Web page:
One question jumps out at me from the blog entries that Cassini team members have been posting on the probe’s dazzling close pass by Enceladus. It’s from deputy project scientist Linda Spilker, who says: “I am thinking about the two Voyager flybys of the Saturn system that took place over 25 years ago. How in the world did we miss the Enceladus plumes back then???” Indeed, but that’s the nature of exploration, to learn something new each time you revisit a place, especially one that’s fully 10 AU out. The process is addictive, and breathtaking.
Do be aware of the flyby blog, offering an inside view of one of the most interesting of Cassini’s encounters thus far (also be aware that the entries are oddly out of order, a problem apparently being fixed). With the data downlink now started (as of about 0201 UTC today) via the Deep Space Network’s Goldstone station, we can ponder the chutzpah of taking a spacecraft so close to the huge geysers erupting out of the south pole of Enceladus. Cassini came within 200 kilometers of the surface as it flew through the outer edge of the plumes, and closed to a mere fifty kilometers at closest approach.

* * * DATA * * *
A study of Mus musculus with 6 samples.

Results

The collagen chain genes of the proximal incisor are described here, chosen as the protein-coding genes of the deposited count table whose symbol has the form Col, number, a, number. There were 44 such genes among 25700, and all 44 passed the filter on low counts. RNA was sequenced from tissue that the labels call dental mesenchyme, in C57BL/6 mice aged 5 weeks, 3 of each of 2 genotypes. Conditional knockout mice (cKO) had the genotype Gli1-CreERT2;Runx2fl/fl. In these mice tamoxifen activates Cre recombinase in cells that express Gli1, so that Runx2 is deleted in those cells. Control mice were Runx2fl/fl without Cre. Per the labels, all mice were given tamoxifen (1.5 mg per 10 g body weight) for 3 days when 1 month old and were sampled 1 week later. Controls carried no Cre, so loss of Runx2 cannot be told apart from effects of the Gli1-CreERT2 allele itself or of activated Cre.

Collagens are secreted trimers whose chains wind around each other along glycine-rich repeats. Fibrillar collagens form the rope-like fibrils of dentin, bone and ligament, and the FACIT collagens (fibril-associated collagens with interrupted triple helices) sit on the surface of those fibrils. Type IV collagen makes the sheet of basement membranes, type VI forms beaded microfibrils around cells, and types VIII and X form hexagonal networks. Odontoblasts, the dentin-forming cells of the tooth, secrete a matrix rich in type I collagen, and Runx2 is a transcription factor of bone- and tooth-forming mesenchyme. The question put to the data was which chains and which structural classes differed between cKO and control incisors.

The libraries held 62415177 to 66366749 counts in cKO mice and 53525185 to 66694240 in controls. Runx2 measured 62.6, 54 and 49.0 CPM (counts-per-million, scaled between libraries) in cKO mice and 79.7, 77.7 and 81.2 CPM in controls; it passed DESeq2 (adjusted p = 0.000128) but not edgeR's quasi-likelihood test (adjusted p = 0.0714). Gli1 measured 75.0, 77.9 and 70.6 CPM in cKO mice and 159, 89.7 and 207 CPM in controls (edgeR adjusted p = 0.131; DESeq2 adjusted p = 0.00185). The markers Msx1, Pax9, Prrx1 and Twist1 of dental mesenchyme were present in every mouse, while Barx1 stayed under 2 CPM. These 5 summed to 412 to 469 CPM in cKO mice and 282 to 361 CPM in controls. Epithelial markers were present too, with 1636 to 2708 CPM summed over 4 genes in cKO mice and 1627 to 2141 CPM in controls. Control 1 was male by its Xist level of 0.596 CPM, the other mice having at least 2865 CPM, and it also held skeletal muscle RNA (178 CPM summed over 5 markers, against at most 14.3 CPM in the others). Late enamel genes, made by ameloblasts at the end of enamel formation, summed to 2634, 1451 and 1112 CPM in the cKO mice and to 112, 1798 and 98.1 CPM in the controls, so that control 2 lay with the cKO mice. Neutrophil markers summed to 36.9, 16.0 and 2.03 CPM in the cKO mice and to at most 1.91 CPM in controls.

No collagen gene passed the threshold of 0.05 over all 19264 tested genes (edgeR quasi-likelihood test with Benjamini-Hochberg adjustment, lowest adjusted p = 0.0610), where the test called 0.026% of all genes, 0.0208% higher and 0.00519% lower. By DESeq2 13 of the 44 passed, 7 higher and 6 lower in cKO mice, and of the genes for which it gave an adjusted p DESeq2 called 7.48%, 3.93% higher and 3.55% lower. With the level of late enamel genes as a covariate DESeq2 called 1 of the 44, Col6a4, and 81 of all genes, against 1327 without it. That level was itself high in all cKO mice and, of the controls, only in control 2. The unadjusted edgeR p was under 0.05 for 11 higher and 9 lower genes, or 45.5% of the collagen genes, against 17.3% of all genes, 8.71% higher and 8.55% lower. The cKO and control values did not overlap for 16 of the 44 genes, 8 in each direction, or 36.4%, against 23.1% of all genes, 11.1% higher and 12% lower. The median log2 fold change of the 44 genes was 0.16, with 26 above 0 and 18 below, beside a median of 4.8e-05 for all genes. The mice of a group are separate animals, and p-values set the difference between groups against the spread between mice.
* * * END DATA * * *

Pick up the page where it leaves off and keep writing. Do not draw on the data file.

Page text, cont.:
Image: Not from the latest flyby (images from that later), this false-color view of Enceladus has been enhanced to identify individual jets making up the plume. The images combined to create this view were acquired with the Cassini spacecraft narrow-angle camera on Nov. 27, 2005 at a distance of approximately 148,000 kilometers (92,000 miles) from Enceladus and at a sun-Enceladus-spacecraft, or phase, angle of 161 degrees. Credit: NASA/JPL/Space Science Institute.
In terms of danger to the spacecraft, the threat is smaller than it at first appears, especially when you consider that Cassini deals with dust-size particles routinely as it orbits around Saturn. And the science return should be rich, with information on the density, size, composition and speed of the gas and particles collected. Sascha Kempf (Max Planck Institute, Heidelberg), deputy principal investigator for Cassini’s Cosmic Dust Analyzer, notes that various theories rise or fall on the outcome:
“There are two types of particles coming from Enceladus, one pure water-ice, the other water-ice mixed with other stuff. We think the clean water-ice particles are being bounced off the surface and the dirty water-ice particles are coming from inside the moon. This flyby will show us whether this concept is right or wrong.”
The halo of ice dust around Enceladus supplies Saturn’s E-ring with material from the apparently continuous eruptions. It’s known to be composed of water vapor, carbon dioxide, methane, possibly ammonia and other trace gases, but Cassini will now find out whether the gases coming out of the plume are identical with those surrounding the moon. The result may give us insights into the processes driving the eruptions. With four more Enceladus flybys planned for this year, the success of this encounter may determine whether the next one is even closer.